Democrats Might Not Get Their Hands on Trump's Taxes in Time to Act

Democrats investigating former President Donald Trump's taxes got a major victory this week after the U.S. Supreme Court denied an effort to block the Internal Revenue Service from releasing them, allowing the years-long investigation into whether he dodged paying taxes or received questionable income dating to his run for president in 2016 to continue.

But it might be too late to matter by the time House investigators get their hands on the documents.

While the Treasury Department has not outlined a timeline for when it plans to release the returns—saying only in a statement that it plans to comply with lawmakers' request—Democrats have fewer than two months left in the House majority, and just 15 working days left on the congressional calendar.

Without a majority, Democrats won't be able to do much with the returns when they receive them. Not only will Democrats will have no say on committee agendas, but House Republicans are largely expected to withdraw the request when they take over in January.

Donald Trump
Former President Donald Trump speaks during an event at his Mar-a-Lago home on November 15, 2022, in Palm Beach, Florida. The U.S. Supreme Court denied an effort to block the IRS from releasing Trump's tax returns. Joe Raedle/Getty Images

In a statement following the decision, Massachusetts Democratic Representative Richard E. Neal, who chairs the House Ways and Means Committee, said his committee would work to conduct oversight over whatever is found in the returns. However, the question is whether Democratic members—if they receive the returns prior to January—would unilaterally decide to release them.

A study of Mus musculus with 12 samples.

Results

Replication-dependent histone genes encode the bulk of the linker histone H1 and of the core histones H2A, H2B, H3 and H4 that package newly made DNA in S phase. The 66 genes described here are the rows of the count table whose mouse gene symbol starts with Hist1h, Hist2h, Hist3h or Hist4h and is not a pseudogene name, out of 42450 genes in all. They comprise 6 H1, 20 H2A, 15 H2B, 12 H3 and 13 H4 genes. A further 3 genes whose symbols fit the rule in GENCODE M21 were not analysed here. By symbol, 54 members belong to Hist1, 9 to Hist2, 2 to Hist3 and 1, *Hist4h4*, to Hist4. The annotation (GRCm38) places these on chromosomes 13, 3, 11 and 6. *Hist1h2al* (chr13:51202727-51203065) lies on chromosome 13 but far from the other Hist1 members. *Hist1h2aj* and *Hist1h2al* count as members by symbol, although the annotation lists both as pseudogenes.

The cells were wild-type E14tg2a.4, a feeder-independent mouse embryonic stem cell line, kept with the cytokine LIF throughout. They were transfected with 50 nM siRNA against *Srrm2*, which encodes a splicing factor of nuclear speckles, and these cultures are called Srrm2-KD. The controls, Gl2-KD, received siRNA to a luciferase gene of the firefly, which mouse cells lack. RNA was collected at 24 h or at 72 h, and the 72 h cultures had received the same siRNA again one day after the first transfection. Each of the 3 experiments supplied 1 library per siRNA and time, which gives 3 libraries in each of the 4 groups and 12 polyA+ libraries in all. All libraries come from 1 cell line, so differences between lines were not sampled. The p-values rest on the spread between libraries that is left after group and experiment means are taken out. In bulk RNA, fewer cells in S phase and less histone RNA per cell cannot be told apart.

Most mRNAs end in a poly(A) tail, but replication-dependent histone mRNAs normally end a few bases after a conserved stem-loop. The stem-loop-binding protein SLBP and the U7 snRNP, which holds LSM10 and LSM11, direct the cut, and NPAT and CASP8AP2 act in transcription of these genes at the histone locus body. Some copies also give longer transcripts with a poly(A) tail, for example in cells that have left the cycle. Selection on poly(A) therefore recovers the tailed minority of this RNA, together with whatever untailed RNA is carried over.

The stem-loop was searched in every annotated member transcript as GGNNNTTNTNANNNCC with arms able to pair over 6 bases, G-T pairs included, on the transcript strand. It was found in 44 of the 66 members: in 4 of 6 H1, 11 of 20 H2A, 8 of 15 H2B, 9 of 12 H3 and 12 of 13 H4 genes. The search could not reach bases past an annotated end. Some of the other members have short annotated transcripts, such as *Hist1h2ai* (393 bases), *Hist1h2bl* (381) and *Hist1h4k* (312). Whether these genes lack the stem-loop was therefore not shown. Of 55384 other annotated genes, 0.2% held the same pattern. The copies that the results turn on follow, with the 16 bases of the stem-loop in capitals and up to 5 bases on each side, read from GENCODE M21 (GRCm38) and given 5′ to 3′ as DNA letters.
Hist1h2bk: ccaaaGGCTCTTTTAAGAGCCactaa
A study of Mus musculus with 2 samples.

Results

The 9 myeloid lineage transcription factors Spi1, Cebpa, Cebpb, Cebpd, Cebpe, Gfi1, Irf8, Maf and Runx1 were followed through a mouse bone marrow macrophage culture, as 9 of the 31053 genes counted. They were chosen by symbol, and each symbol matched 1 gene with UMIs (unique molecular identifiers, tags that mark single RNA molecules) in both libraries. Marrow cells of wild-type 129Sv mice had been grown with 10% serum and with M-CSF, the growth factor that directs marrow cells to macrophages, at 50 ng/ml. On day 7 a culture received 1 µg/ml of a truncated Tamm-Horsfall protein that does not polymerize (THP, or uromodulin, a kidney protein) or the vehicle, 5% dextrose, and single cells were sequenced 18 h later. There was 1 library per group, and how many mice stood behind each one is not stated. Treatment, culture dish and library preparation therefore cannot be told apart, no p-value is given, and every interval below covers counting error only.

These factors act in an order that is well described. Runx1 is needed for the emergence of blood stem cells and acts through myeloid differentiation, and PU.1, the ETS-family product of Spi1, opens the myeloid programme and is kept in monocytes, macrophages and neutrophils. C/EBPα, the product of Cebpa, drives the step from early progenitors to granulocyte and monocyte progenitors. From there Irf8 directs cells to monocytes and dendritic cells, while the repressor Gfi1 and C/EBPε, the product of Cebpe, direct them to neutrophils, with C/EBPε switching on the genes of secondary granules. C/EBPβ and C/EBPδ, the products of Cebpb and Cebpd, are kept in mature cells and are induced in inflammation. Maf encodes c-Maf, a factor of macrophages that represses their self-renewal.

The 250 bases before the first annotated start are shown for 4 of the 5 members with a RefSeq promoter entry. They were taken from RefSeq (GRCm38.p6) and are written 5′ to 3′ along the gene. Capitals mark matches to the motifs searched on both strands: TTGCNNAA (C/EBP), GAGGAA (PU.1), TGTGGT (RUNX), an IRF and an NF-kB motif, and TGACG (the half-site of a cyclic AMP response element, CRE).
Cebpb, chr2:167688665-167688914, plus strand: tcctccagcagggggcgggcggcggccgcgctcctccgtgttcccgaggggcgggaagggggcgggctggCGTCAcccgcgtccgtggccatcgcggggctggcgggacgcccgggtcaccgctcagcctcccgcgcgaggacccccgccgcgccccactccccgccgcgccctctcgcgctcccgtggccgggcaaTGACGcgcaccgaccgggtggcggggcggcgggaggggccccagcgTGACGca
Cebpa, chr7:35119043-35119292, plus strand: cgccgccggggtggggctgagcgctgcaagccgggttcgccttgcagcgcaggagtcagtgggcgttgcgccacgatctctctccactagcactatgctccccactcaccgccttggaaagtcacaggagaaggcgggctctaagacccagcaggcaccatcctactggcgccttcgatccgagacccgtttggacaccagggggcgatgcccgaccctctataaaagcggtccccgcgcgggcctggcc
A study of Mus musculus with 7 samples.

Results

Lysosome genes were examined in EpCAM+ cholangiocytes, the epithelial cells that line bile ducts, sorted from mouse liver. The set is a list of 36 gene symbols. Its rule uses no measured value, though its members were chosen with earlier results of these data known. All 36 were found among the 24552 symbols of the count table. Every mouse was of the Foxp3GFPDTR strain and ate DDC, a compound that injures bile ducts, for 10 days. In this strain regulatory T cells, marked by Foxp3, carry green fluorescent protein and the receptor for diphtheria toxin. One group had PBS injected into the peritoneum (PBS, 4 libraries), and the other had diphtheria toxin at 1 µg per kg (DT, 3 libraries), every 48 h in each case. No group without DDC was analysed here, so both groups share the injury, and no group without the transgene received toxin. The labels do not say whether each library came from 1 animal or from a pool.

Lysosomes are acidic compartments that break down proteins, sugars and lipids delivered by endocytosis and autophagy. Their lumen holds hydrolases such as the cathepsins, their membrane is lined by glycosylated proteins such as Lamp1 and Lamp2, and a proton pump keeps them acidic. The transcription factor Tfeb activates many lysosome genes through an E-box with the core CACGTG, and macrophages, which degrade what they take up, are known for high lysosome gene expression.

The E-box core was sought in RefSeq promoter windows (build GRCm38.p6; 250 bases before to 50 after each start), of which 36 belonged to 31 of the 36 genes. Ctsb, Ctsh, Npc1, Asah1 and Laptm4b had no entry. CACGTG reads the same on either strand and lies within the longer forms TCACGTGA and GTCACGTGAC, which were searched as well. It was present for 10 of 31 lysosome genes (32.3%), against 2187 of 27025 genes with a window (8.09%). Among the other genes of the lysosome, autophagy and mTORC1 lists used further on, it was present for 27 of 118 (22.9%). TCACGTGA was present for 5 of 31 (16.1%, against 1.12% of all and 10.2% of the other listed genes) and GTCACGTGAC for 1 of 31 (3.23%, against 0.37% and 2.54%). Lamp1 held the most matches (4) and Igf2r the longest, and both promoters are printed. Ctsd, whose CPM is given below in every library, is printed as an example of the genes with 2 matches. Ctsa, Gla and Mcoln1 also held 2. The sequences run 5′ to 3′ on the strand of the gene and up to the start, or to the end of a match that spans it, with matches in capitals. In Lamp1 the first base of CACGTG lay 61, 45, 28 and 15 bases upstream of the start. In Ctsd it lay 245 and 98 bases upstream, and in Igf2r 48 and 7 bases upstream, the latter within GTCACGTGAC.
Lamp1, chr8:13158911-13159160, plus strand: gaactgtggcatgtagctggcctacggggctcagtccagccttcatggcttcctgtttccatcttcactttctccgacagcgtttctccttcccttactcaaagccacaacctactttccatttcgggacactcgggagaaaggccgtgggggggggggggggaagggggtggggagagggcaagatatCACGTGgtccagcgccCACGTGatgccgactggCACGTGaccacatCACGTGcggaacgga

Newsweek reached out to the House Ways and Means Committee for comment. An unnamed aide on the committee told the New York Times on Tuesday that no decision would be made until lawmakers receive the files and had an opportunity to review them.

It is also unclear how much time the House Ways and Means Committee would need to review the records and release an actionable report based on their contents. A November 10 legal brief by House counsel Douglas Letter suggested that any delay in the court taking action on the returns "would leave the committee and Congress as a whole little or no time to complete their legislative work during this Congress, which is quickly approaching its end."

A case against Trump in New York state by Democratic Attorney General Letitia James has already alleged years of fraud perpetuated by the Trump Organization in connection with a number of business deals using documents they already have at their disposal, including evidence suggesting a habitual overvaluation of myriad properties within his company's real estate portfolio.

Meanwhile, much about Trump's taxes are already known following the release of several New York Times investigations based on anonymously sourced copies of his tax returns, which suggested the use of numerous accounting tricks that allowed him to pay little to no taxes on millions of dollars of income.